A recent study published in the Journal of Adolescent Health reveals that teen boys who have been cyberbullied run a higher risk of developing substance abuse problems than teens who have not been the victim of online attack. Cyberbullying, a relatively new phenomenon, refers to the practice of harassing and/or abusing someone via social media, email, or other online platforms. In addition to the increased likelihood of substance abuse, which can lead to addiction, the study and others like it have also found that exposure to cyberbullying increases a teen’s risk of developing depression, Internet addiction, and a wide range of psychological and behavioral health problems.
Unfortunately, there is no one-size-fits-all way to describe cyberbullying. In fact, cyberbullying can and does take many different forms. Furthermore, it doesn’t just affect teens; most people, regardless of age, will experience some type of cyberbullying in their lifetime. Some of the different types of cyberbullying include:
- Flaming (e.g., insults, rude comments, or other hurtful “speech” via emails, posts on online message boards, instant messages, or chat rooms)
- Harassment in the form of threats via an online media form
- Publicly and purposefully embarrassing someone online
- Falsely and often negatively impersonating someone online
- Posting nude or otherwise embarrassing or defamatory photos online without the person’s permission
Cyberbullying and Substance Abuse
Being bullied online—or in person, for that matter—is obviously not a pleasant thing. It can make the victim feel frightened and alone and can lead to the development of poor self-image and self-esteem. When a person, especially a teen, is bullied constantly, he will often turn to drugs and/or alcohol in order to numb the fear, pain, sadness, and anxiety caused by cyberbullying. If a person does this often enough, a serious substance abuse problem or even an addiction could eventually develop. To make matters worse, the substance abuse or addiction has the power to make the person feel worse, which can lead to further use of drugs and alcohol. Obviously, it’s best to prevent cyberbullying than it is to try and get rid of the negative behaviors and feelings that may develop as a result.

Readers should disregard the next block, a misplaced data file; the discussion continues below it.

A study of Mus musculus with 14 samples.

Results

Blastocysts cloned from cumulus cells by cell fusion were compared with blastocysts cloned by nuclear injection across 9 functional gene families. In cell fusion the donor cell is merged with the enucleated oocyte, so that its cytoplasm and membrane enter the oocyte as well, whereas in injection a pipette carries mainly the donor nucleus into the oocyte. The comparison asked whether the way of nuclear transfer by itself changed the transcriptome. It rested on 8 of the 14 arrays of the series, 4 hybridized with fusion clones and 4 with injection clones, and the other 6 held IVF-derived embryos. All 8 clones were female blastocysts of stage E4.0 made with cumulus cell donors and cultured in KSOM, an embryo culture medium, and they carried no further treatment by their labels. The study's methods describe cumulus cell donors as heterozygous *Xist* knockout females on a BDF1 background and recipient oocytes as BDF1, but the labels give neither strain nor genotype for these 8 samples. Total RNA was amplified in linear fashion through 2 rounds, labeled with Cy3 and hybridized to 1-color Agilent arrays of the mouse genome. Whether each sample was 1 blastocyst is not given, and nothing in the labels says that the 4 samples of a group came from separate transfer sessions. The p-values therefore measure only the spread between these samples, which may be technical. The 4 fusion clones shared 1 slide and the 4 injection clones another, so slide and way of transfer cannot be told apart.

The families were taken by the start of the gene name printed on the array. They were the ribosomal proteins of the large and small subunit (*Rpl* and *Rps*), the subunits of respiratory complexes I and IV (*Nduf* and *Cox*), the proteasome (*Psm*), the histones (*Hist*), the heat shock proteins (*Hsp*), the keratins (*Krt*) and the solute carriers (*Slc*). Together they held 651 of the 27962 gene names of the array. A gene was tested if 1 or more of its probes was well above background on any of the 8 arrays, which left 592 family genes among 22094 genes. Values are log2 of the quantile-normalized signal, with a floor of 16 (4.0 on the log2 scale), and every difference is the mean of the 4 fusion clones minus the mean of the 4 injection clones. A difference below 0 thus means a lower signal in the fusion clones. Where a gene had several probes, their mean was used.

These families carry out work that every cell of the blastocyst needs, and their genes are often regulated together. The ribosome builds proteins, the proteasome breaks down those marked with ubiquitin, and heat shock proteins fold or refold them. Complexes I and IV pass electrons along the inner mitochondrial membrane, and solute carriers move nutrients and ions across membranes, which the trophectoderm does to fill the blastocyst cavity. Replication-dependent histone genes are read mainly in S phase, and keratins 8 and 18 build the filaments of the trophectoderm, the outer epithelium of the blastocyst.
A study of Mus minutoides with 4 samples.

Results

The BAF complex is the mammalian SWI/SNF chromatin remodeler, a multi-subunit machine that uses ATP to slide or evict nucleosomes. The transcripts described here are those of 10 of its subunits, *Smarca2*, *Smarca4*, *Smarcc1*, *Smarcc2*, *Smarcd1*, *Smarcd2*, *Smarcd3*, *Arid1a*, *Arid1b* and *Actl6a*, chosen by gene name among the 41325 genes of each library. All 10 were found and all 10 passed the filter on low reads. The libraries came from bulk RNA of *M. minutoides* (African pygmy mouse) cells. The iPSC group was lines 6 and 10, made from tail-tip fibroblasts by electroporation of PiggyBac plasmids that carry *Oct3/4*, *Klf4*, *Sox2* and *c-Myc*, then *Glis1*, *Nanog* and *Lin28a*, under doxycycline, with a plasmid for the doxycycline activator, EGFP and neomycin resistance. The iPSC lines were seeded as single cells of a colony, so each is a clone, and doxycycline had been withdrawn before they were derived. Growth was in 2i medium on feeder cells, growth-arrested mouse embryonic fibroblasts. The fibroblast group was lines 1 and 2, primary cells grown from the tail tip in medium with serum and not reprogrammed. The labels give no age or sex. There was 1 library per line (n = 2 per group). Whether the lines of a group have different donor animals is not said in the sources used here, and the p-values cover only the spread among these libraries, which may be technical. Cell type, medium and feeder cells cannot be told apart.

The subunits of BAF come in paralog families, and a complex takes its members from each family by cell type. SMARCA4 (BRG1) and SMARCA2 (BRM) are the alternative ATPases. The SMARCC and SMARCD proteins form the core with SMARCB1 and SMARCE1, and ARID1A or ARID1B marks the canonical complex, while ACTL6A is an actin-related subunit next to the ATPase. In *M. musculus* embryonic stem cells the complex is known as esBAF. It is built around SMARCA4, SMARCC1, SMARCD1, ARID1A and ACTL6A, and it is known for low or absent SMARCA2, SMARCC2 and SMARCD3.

Teens should be educated on what cyberbullying is and on what to do if it occurs. While each situation is different, teens can benefit greatly from doing certain things, including:
- Telling their parents if they believe cyberbullying is occurring
- Reporting online users who engage in cyberbullying to the online platforms’ owners
- Saving any evidence of cyberbullying
- Avoiding responding to cyberbullying
- Reporting any threats or other illegal behaviors to local authorities
- Blocking the person who is executing the cyberbullying attacks
- Avoiding accepting friend requests or instant messages from unknown people
- Being kind and considerate to others online
If prevention is not an option for you and if your teenage son has already developed some of the negative effects of cyberbullying, it is important to seek professional help for him today. Call us at Muir Wood now to discuss therapeutic options for your son.